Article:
No one among us is a saint — well, few of us are, anyway. Yet we all must stand tall against people who are the devil in fancy trappings. Too many wear such clothing.

One of them is Jon Gruden, the misogynistic, homophobic and racist former coach of the Las Vegas Raiders. Gruden’s public persona didn’t match his private one, and the anger he voiced in emails about people who differed with him was beyond anybody’s ability to forgive straightaway.

And his bigoted emails keep on coming.

Still, that’s not my point here. As angry as I am about Gruden, I’m seething over the number of Black men like the myopic Tony Dungy who claim Gruden is misunderstood — that he doesn’t have a racist bone in his body.

Gruden’s players voiced early support for their ball coach. They believed Gruden when he said, “I’m not a racist.”

Didn’t we hear a president tell us what he wasn’t? In hindsight, Richard M. Nixon was what Black people thought he was: a crook.

Gruden is no different, but Black folks had been so willing to overlook what he was because of what he was doing. I suspect some athletes would play for Attila the Hun if he helped them win games.

As a people, we are overly willing to forgive personal flaws. We demand nothing from people who debase us, aside from a half-baked apology. That’s never enough, though.

The wages for racism, misogyny and homophobia should be high, and forgiveness shouldn’t be dispensed as easily as M&Ms.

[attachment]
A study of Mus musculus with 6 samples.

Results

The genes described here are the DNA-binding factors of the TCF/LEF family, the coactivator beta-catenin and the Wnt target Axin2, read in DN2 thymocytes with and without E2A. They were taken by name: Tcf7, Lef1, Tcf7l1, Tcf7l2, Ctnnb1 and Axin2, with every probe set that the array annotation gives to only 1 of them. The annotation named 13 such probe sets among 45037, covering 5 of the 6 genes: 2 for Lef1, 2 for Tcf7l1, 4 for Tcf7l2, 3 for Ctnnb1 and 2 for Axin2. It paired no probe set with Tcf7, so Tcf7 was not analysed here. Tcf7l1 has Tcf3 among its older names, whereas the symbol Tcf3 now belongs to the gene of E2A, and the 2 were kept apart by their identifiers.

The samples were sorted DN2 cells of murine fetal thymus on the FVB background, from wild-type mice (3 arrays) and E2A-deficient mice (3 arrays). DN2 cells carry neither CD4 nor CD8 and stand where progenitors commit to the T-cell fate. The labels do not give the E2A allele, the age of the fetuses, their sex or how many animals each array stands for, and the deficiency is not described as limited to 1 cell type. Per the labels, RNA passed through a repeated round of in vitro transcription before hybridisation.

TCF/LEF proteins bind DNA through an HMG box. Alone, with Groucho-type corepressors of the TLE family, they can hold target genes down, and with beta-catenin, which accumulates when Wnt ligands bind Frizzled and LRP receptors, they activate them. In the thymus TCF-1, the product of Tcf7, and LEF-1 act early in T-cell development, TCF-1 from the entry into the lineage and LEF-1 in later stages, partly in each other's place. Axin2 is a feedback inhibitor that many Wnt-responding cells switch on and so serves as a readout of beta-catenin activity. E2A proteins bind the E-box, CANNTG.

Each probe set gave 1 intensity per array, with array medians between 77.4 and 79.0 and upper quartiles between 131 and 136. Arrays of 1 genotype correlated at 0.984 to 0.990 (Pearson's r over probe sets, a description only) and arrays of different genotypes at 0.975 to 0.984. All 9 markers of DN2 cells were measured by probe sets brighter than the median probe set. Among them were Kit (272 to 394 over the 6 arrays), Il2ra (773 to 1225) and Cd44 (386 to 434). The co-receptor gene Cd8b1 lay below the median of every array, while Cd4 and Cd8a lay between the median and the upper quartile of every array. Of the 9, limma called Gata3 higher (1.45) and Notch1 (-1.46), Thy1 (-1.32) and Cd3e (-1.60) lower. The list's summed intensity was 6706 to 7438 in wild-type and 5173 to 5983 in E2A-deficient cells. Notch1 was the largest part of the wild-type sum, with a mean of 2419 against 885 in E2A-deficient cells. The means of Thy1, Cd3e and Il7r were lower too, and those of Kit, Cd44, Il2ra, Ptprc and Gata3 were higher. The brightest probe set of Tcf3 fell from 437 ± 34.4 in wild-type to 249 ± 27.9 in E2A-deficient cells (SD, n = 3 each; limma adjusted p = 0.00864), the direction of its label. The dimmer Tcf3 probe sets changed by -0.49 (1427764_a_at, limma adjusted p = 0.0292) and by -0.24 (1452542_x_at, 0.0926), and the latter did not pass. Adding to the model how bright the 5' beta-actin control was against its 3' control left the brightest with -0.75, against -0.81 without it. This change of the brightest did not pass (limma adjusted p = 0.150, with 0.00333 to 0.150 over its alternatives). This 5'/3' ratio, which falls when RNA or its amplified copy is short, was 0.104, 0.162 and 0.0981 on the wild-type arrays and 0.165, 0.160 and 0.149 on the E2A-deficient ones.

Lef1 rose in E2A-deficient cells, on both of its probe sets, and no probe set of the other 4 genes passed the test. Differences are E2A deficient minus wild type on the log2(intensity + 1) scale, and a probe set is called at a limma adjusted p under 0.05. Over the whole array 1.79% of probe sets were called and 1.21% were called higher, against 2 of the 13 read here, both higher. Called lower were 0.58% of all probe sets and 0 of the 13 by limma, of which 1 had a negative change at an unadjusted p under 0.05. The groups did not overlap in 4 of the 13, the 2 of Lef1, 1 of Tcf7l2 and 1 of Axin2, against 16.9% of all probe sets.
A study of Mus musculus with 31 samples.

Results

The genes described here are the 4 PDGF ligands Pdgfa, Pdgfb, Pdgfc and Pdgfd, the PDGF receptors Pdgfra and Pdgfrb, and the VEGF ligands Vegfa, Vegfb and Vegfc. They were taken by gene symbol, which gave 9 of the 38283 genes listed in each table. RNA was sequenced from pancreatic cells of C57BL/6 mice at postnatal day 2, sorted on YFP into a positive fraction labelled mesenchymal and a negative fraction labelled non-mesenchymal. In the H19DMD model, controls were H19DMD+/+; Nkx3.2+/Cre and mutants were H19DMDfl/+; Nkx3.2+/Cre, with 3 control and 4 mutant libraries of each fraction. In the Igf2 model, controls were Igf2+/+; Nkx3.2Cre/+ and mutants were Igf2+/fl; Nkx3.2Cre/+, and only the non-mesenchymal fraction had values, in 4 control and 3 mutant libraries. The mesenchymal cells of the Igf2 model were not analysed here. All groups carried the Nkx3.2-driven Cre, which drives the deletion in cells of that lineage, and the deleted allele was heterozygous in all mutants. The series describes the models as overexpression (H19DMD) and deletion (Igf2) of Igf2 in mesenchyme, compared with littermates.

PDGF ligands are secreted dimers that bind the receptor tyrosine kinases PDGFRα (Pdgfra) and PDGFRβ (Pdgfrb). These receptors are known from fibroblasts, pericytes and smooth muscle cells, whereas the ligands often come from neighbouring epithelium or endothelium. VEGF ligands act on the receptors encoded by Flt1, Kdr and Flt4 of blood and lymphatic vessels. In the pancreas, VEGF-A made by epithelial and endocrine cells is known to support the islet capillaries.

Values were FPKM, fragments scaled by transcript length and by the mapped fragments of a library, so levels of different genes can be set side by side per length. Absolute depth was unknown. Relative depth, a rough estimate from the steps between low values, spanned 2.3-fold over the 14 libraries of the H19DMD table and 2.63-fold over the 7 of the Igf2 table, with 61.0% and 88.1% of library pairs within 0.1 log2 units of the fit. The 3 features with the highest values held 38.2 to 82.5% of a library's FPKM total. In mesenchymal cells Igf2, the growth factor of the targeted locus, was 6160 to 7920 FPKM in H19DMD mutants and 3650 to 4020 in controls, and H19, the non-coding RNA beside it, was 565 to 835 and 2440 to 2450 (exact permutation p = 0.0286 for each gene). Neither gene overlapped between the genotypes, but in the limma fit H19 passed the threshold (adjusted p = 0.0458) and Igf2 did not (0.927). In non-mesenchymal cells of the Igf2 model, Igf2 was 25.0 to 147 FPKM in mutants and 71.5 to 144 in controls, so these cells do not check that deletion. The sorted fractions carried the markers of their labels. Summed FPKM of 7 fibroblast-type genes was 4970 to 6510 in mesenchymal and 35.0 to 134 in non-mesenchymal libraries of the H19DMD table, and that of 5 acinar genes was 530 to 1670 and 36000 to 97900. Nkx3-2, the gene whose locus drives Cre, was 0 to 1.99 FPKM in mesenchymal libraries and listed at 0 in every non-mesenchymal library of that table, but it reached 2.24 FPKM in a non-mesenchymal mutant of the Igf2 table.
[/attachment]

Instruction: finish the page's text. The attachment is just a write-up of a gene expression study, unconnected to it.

I wish we treated people who show ill-will toward us the way Jews treat men and women who work against their interests. Jews continue to hunt Nazis who played roles in the Holocaust last century; they don’t apologize for their relentless approach to outing war criminals.

Now, I’m not comparing what Gruden wrote to Nazism. What I am saying, however, is bad people shouldn’t go unpunished. We have an obligation to ferret them out, expose them and exact appropriate penalties.

In Gruden’s case, the penalty should be to bar him from a sport he has spent his life in. He should stand in front of writers, his team and admit whom he is, which is a man who lacks compassion.

One former player put it this way: “He’s a bad person. I tried to tell people when I played for this man. We dealing with some race insensitive behavior by a head coach who many thought didn’t even deserve the opportunity to coach the Raiders.”

The former player was Keyshawn Johnson, an NFL analyst who roamed the hallways of ESPN when Gruden worked for the network. Johnson’s sentiments went unheard. Too many want to focus on the wins, not the racism.

To be sure, a person’s past can be forgiven. We all sin; some repent. Yet I’m more comfortable in forgiving when they repent on their own instead of when their egregious misconduct forces them to.

I can’t forgive that. Nor can I forget it.